Monday, June 24, 2013

breathe courage

More words to savor and breathe in from Miss Meredith Swim.
The solo robin stands on the edge of his nest, his black eyes scanning the rain drop garden and gazing at the world beyond the fence. His burnt orange-feathered chest rises and falls with his breath. He’s meditating on his first flight, breathing in courage.

Breathe courage. This is my new mantra and the young robin embodies its powerful message. Before the bird takes flight, he pauses and breathes, connecting to his inner source of courage.

He reminds me of the importance of that pause. I easily can buy into the hustle and bustle of the modern world and lose my own voice to the fast advice of others. If I forget to breathe, my courage slips away from me; but taking the quiet moment to breathe allows me to gather my inner resources and handle the situation or the difficult person in front of me.

At first, my monkey mind resists that pause by pointing at the clock: “You’re taking a time-out?! We’re already pressed for time! You don’t have time!”

Ironically, taking the moment to breathe with awareness, to hit pause, creates time. The mental clarity to make the appropriate decision appears, freeing myself of additional stress and the time that would be needed later to let go of the day’s burdens.

This young robin is the last of his siblings to leave the nest. At first, I feel a pang of pity for him, sitting alone with the wild world pressing up against his safe haven; but this dissipates as I notice his cool serenity.
He’s not self-conscious about being the last bird to fly; he’s not flopping around his nest in a state of distress and crying for his mother. He’s a majestic little prince determining his own course.
Breathe courage. Staying true to oneself takes courage. In yoga class it takes some courage to honor your body, choosing a modification or a child’s pose while others vinyasa about.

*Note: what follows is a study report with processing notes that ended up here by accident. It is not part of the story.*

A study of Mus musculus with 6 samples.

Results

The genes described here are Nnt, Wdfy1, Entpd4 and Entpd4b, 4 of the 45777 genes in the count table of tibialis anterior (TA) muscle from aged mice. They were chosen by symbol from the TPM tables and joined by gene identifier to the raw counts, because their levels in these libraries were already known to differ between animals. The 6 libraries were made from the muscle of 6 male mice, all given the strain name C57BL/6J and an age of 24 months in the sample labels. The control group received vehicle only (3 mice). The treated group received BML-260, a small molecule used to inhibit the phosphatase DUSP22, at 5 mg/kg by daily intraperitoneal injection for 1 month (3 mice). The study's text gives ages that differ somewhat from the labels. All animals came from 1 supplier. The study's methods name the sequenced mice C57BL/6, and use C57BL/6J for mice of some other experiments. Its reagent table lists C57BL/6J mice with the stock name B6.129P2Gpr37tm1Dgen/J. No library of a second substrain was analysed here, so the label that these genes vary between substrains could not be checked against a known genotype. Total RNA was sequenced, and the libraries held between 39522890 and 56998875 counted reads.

Later in the morning, I check the bird nest and it’s empty – the young robin has successfully dived into the world outside the safety of my parents’ back porch. His pre-flight meditation helped him to soar.

Reflecting on his flight, I realize he must have possessed such confidence in his body, his wings, his instinct, and recognized the courage existing in his small, magnificent body.
This is one of the main reasons I fell in love with yoga and am inspired to teach the ancient practice – in yoga class, I felt safe in my body.
Yoga found me during my adolescence, a self-proclaimed daydreamer who had grown up dreading gym class. In my first yoga classes, as I twisted, stretched, and bent forward, I felt awe for these physical limbs I had so long inhabited but ignored out of fear of imperfection and discomfort.
To breathe courage doesn’t mean taking in courage from the outside world, but to reconnect to the strength and power already existing in your skin and bones.
As the robin gazed at the awaiting world, he exuded courage, the courage to wait and be with himself until the time was perfectly right for him to stretch his wings and fly.